Managing a team can be challenging, especially when there are members who are not performing at their highest level.
Back when I was working at Dell, I was managing a sales team of nineteen people. One member of the team, let’s call him Greg, had a quota of two and a half million dollars in revenue and wasn’t hitting it. He wasn’t hitting his lagging or leading indicators, and I knew he wasn’t performing. Despite this, I didn’t roll out a performance improvement plan proactively to help him be his best and to help the team hit their goals. I was saying yes to his suboptimal performance.
Why? One word: Loyalty.
Greg was my mentor when he first got to Dell. I had incredible loyalty to him, and the rest of the team loved him – as a result, I didn’t want to see that he was failing. I didn’t want to performance manage someone who was so good to me.
So, I avoided the issue, moving Greg to another territory, but he still wasn’t hitting his number. I moved him again – the same result. I was doing everything I could to avoid conflict.
I think I was so scared that if I performance-managed him, I might have to actually fire him.
I couldn’t imagine looking him in the eye, knowing how good he was to me, knowing that he had children that depended on him, and giving him that news.
There was also a more selfish concern: If I fired Greg, I was going to have to explain why I fired my mentor to the rest of my team. I was also going to have to write a job description for his backfill, interview a bunch of people, create an onboarding plan, and hope that in the first ninety days, someone would prove that they’re good for the role. It was a daunting task, and it was the last thing I wanted to be doing. Selfishly, I had a lot of reasons to avoid this conflict.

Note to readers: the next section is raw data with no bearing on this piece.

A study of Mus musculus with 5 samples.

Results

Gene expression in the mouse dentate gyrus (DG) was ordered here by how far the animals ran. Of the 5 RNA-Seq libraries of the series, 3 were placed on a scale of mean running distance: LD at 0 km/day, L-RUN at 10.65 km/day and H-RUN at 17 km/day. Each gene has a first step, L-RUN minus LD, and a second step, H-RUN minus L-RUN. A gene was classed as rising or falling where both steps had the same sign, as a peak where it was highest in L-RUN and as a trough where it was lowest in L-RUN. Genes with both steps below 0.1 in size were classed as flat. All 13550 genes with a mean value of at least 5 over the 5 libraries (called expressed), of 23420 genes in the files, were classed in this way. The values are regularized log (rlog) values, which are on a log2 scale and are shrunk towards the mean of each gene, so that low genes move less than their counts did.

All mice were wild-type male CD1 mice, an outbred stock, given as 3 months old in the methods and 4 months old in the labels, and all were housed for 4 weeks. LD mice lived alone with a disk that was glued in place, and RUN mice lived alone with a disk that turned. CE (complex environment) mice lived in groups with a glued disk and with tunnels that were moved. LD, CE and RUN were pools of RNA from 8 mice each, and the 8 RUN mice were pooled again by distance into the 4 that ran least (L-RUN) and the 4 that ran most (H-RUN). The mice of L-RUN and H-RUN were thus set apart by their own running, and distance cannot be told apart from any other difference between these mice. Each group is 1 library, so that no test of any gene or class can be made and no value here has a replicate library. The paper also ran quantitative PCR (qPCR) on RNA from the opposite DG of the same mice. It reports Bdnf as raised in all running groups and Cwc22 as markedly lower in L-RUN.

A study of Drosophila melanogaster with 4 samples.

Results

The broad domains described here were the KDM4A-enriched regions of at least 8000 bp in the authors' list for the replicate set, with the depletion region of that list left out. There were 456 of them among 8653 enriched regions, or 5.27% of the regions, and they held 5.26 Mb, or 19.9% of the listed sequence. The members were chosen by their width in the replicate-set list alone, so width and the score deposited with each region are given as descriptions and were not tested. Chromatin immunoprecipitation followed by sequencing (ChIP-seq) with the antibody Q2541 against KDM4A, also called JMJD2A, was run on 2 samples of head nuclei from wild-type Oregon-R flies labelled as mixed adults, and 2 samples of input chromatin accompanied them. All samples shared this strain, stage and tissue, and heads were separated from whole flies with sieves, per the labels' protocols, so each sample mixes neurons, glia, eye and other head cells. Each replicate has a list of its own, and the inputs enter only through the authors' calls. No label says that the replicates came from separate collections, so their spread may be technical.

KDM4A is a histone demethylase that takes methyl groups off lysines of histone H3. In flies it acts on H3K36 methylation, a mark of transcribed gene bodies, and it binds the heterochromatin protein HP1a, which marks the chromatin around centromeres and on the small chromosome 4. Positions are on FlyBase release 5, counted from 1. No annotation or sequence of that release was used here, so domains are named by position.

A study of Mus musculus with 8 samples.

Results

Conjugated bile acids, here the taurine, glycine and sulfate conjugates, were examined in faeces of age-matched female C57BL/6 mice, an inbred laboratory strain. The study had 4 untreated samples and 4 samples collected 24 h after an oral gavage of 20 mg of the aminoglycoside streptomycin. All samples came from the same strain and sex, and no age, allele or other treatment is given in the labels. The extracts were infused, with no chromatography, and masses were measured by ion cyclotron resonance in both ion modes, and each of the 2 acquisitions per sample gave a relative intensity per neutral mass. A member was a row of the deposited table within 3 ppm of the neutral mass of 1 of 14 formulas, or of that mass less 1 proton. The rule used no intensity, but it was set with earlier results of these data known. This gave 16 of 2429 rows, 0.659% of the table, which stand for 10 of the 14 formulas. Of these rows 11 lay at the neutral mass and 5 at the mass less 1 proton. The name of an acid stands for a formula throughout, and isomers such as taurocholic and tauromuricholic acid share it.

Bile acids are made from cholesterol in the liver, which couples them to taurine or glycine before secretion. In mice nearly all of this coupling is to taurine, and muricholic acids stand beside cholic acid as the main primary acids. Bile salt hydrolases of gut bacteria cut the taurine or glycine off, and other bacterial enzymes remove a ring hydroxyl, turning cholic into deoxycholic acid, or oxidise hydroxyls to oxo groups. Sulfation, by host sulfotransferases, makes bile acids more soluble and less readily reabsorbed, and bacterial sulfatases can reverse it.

So, I stayed in denial. Hoping he would pull through. Telling myself a more comfortable story of how he would pull out of his nosedive.
I never stopped to consider the quantitative cost of this comfort. My denial led to the team only hitting one million in revenue in the territory that should have hit two million. And I STILL avoided the difficult conversation.
I only took action when my pain was great enough.
In this case, the pain came in the form of my manager asking about Greg.
He pointed out that because I kept avoiding Uncomfortable Work, I cost the company 1 million dollars.
So then, in pure irony, my manager gave me an ultimatum – performance manage Greg or be performance managed myself. I finally put Greg on a performance improvement plan and prayed that he would get better.
He didn’t. And I was part of the reason why.
By the time I did the Uncomfortable Work to put him on a plan, Greg had very little time to turn things around. By avoiding action for so long, I had inadvertently made the situation worse. It culminated in me having to fire Greg, which was a more difficult and emotional experience than the performance management would’ve been in the first place.
What can you learn from this story?
The difference between a good leader and a great leader is proactively performance managing their team. A great leader doesn’t wait for the pain to be great enough to take action.
Suboptimal performance is a difficult situation to manage, but avoiding action only makes the situation worse. As a leader today, as strange as this may seem, I see proactively performance managing my team as a way to love them. Everyone that works with me wants to actualize their potential both professionally and personally. Selfishly avoiding conflict only robs them of what they need to become the best they can be. It’s become such a game changer at Addictive Leadership, we now have team members proactively ASKING to be performance managed!
If you aren’t quite sure how to empower your team to lean into these difficult conversations please send us a note and we can send you some tools that have helped us. It’s time for leaders to step into some Uncomfortable Work.